Virginia Governor Vetoes Bill That Would Ban Pay-To-Play on Subsidies

May 30, 2014
By Good Jobs First


bill

that would have banned corporations seeking

Governor’s Opportunity Fund

(GOF) subsidies from making contributions or gifts to the elected official awarding those subsidies: in other words, the Governor himself. The bill had unanimous two-chamber support among both Republicans and Democrats, and members of both parties

criticized

the Governor’s action.

Governor McAuliffe’s primary

objection

cited in the veto to the bill was that state legislators ought to be held to the same standards. The

statute

and

guidelines

state that GOF subsidies are awarded primarily at the discretion of the Governor, though the General Assembly and the Attorney General have a modest oversight role. One co-sponsor of the bill stated that he hopes to

re-introduce

the bill again next session, though it’s unclear whether the bill will stay in its current form.

It’s a strange moment in Virginia politics. The bill arose out of concern related to the previous Governor’s gift

scandal

. Just after leaving office in January, former Governor Bob McDonnell was indicted, something that had never happened before in the state.


Is such legislation needed in Virginia?

Good Jobs First previously

highlighted

an apparent pay-to-play issue in Virginia when McDonnell awarded

Northrop Grumman

$3 million in GOF subsidies after receiving major campaign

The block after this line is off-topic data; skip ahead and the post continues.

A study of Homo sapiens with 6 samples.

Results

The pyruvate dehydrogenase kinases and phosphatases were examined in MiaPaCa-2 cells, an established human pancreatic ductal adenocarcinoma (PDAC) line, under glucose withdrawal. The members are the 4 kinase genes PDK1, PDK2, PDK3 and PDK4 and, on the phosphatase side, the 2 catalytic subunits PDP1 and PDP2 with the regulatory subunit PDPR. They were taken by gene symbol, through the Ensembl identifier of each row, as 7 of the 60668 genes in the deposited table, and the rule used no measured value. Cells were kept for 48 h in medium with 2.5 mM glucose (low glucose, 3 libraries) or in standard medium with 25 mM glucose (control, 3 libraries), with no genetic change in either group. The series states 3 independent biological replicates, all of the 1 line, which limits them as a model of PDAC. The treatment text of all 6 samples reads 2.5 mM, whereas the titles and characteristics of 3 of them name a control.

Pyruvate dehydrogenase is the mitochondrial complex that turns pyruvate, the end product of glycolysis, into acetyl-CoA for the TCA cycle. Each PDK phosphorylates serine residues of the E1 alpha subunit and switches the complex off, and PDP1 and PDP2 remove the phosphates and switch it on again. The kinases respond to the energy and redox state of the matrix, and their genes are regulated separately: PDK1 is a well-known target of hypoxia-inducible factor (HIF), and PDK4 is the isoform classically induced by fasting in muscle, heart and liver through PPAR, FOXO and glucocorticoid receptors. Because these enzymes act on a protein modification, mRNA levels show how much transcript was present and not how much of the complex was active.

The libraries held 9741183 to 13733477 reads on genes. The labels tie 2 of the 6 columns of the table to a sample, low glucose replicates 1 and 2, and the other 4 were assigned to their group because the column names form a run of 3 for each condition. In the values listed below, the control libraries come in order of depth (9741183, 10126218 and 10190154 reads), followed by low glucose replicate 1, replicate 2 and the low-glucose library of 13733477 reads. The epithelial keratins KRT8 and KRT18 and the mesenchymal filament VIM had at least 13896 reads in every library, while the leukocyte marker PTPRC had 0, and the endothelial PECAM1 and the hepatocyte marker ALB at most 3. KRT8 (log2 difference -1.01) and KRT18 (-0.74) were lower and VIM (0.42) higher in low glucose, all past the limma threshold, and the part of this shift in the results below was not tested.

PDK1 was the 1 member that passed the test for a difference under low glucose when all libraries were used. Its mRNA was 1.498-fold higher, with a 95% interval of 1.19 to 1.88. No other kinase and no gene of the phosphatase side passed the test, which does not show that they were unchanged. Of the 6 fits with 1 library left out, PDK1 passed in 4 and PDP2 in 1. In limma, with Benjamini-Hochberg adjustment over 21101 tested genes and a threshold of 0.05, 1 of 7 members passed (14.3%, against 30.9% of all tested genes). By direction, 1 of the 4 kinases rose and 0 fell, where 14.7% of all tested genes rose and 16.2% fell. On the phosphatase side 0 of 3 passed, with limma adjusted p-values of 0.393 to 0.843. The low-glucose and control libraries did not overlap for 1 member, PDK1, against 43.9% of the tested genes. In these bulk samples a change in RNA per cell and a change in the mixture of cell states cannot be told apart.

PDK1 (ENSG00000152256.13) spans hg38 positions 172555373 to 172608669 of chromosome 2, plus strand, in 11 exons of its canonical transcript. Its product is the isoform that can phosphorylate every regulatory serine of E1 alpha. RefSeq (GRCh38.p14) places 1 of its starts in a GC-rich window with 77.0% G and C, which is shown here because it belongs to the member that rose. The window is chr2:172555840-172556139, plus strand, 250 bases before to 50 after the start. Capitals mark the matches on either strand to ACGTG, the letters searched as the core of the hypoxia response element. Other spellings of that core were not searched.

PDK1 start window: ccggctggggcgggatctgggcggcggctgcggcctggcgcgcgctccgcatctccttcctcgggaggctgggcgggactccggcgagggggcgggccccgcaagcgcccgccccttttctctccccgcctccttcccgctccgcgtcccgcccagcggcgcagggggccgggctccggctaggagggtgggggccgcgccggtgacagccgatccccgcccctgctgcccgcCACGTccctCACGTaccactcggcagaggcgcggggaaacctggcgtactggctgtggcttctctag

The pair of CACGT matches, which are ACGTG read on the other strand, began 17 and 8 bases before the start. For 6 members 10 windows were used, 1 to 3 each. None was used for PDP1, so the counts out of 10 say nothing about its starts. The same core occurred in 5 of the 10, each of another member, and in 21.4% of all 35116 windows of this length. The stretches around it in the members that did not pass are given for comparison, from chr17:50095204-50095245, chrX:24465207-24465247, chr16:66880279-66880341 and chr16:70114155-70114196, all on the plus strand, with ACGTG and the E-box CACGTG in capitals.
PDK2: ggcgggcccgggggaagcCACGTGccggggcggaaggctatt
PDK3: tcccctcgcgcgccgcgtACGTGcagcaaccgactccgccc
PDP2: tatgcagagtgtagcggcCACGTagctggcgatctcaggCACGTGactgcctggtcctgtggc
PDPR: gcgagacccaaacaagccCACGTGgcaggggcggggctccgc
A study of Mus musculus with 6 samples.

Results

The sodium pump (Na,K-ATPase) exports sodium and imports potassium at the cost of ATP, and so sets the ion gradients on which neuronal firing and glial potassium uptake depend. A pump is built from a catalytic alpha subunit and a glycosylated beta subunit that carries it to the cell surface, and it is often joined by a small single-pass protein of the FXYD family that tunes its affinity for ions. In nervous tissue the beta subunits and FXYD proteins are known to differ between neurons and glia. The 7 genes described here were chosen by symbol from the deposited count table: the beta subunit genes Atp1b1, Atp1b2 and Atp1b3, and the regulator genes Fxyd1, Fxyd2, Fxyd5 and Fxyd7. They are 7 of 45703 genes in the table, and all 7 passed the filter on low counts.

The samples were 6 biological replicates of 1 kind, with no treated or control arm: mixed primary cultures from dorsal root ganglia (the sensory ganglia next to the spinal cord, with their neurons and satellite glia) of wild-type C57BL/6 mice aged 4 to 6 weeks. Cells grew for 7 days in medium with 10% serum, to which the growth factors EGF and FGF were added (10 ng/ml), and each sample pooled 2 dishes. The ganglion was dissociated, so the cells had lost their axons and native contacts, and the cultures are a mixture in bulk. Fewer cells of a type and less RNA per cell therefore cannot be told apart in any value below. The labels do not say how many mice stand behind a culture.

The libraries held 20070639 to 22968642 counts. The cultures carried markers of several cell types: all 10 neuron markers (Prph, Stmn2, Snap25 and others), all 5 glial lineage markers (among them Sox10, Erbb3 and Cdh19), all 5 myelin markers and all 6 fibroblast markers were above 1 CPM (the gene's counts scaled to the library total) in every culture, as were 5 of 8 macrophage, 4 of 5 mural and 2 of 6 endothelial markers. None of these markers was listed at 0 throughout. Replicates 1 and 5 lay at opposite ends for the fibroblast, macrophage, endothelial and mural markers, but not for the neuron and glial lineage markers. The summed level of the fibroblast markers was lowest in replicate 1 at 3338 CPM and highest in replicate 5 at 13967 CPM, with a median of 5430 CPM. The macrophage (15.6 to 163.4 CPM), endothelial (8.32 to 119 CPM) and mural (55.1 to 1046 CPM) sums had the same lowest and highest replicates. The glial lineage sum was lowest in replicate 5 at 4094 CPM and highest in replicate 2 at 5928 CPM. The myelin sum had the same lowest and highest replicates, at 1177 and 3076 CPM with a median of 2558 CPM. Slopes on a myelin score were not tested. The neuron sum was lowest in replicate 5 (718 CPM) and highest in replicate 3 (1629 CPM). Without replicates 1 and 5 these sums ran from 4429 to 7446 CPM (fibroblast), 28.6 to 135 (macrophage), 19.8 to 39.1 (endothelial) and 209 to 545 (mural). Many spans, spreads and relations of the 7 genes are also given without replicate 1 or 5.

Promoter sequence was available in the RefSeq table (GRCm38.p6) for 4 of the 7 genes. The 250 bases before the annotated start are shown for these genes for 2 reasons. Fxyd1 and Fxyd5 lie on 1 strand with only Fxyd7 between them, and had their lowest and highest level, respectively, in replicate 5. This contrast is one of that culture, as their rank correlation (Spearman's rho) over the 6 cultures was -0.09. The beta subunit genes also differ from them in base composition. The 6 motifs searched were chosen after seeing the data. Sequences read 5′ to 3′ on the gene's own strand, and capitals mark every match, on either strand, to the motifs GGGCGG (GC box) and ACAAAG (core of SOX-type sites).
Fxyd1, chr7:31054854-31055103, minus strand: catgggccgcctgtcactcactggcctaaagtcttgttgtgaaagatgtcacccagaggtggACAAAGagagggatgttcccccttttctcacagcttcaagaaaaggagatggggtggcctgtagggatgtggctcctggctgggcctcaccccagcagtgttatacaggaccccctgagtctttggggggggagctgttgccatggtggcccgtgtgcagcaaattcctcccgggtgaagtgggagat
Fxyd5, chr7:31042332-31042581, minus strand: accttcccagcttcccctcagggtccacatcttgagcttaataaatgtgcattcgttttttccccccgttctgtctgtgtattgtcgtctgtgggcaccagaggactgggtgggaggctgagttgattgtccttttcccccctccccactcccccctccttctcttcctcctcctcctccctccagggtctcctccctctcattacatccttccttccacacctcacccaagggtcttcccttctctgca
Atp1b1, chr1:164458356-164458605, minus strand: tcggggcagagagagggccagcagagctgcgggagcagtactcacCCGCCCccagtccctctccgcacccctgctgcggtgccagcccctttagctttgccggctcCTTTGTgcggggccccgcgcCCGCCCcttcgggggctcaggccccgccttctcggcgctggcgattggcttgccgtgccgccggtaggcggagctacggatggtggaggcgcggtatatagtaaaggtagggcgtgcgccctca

contributions

from the company.

While banning contributions to politicians from companies seeking subsidies is one way to encourage stronger ethics in government, another approach could be to ban companies from receiving subsidies if they have given or subsequently give contributions to officials awarding or enforcing subsidy contracts. Both would deter pay-to-play practices. Excluding subsidies to campaign contributors would be far easier to implement by shifting implementation away from elected officials and onto agencies awarding subsidies. Just as failing to create jobs can result in recapture or rescission of subsidies, a subsidy contract can undergo a clawback if the agency finds that a company has given to key public officials.

Apparent pay-to-play subsidies are not a problem isolated to Virginia. For example:


  • Texas:

    As we blogged

    previously

    , several newspapers have suggested that economic development subsidies controlled by Texas Governor Rick Perry are tied to fund-raising.

  • Wisconsin:

    Investigative Reporter

    Mike Ivey

    reported this week that the Wisconsin Economic Development Corporation, a privatized economic development agency, has awarded more than 60 percent of $975 million in subsidies to companies that have contributed to Governor Scott Walker or the Republican Governor’s Association.

For decades, state and cities have taken strong stances against allowing gifts and campaign contributions to contractors. Why not ensure the same level of integrity when it comes to economic development spending?